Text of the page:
Divorce is never easy, especially if you and your spouse share children. In Massachusetts, you have options to make your divorce and custody proceedings easier, while still safeguarding your rights and those of your children. Here are some frequently asked questions about divorce and co-parenting in Massachusetts.
No. Most people obtain a divorce on no-fault grounds. This means neither spouse is to blame for the breakdown of the marriage. However, a no-fault divorce may be contested or uncontested. If contested, you and your spouse have not yet agreed on issues such as asset division, child custody, support, parenting time and alimony.
Physical custody defines where children live most of the time. Legal custody refers to important decisions made about the child. For example, you may have physical custody of your child, meaning she lives in your house. But you may share legal custody with your ex-spouse and make major decisions, such as those regarding medical treatment, jointly.
Papers must be filed with the court to finalize a divorce. However, you do not need to have a trial if you and your spouse can resolve your issues without one. Before a trial, you may participate in a pretrial hearing to present evidence and identify potential witnesses.
You can discuss your issues in one of many forums outside of court, including mediation or a settlement conference. Often an attorney is essential in this part of the process. Limited assistance representation is one option for individuals who don't want to pay a full retainer but need legal help to negotiate and conclude a family law agreement.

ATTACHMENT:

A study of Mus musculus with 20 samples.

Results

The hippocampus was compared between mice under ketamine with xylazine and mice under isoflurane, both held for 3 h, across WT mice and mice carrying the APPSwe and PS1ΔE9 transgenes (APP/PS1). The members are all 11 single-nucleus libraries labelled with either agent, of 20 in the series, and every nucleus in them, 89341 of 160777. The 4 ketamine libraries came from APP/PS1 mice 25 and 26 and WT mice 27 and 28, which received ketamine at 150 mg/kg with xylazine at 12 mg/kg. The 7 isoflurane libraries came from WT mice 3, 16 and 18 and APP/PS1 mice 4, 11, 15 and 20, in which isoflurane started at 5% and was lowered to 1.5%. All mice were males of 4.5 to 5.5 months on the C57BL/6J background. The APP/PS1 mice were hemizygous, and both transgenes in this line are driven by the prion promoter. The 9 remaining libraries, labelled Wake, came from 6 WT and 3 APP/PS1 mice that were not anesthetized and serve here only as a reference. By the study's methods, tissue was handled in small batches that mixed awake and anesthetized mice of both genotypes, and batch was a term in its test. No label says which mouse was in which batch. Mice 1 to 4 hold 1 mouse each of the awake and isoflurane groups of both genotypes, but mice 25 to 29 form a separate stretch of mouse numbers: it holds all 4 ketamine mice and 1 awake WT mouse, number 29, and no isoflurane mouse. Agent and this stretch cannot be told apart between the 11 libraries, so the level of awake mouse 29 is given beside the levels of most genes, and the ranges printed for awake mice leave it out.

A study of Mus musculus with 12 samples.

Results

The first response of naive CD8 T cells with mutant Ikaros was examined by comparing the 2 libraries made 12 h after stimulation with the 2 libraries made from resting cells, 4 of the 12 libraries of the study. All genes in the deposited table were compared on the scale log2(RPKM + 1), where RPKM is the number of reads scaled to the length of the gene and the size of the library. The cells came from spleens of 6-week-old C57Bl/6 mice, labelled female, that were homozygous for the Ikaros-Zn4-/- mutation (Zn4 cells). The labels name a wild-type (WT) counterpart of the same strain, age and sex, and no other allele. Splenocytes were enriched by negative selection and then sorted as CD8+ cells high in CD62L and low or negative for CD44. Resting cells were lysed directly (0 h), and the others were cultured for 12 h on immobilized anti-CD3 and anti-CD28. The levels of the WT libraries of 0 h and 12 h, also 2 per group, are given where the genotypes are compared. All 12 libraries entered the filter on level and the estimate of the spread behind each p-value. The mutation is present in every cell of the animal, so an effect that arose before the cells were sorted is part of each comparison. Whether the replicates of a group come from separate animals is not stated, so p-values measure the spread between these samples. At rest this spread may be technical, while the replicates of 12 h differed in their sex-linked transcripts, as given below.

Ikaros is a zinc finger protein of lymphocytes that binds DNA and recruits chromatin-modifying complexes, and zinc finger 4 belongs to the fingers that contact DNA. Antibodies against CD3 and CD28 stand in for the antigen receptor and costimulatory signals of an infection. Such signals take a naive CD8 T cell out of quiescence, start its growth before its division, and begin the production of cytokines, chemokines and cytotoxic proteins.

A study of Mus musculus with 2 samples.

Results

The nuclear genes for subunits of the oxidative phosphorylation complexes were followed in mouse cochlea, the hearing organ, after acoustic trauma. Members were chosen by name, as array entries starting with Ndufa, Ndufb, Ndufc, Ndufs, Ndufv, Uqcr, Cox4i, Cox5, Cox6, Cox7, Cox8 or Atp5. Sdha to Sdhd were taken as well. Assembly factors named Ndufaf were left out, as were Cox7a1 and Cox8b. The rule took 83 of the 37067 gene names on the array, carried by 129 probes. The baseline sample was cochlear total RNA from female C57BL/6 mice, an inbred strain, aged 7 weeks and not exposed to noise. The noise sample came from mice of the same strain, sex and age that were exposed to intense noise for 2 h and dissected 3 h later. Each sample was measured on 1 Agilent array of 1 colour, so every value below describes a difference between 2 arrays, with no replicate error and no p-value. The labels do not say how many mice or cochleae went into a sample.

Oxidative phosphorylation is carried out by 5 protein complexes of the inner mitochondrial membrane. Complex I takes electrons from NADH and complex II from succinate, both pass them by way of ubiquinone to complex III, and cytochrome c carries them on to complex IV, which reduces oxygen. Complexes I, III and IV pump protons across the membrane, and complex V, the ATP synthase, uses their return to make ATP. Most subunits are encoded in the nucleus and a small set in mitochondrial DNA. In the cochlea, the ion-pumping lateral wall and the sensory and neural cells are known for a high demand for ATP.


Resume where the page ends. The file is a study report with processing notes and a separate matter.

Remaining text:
When parents are married, they automatically share physical and legal custody of children until a court orders otherwise. No parent automatically gets physical custody of a child even after the divorce process has begun.
When parents cannot agree on physical and legal custody, they may ask a court to intervene. The court is bound to make those decisions based on the best interests of the child and not the parents. The judge will look at the child's relationship with family members and his well-being in the community, among other factors.
Child support guidelines are based on parental income. They are designed to minimize the impact of the divorce on the child, among other factors.
A court will change a custody order if it is in the best interests of the child. The parent asking for the modification must show a significant change in circumstances since the order was issued.
There are four different types of alimony in Massachusetts. You may get alimony if you were financially dependent on your spouse or you supported your spouse for a specific endeavor, such as getting an education, during the marriage.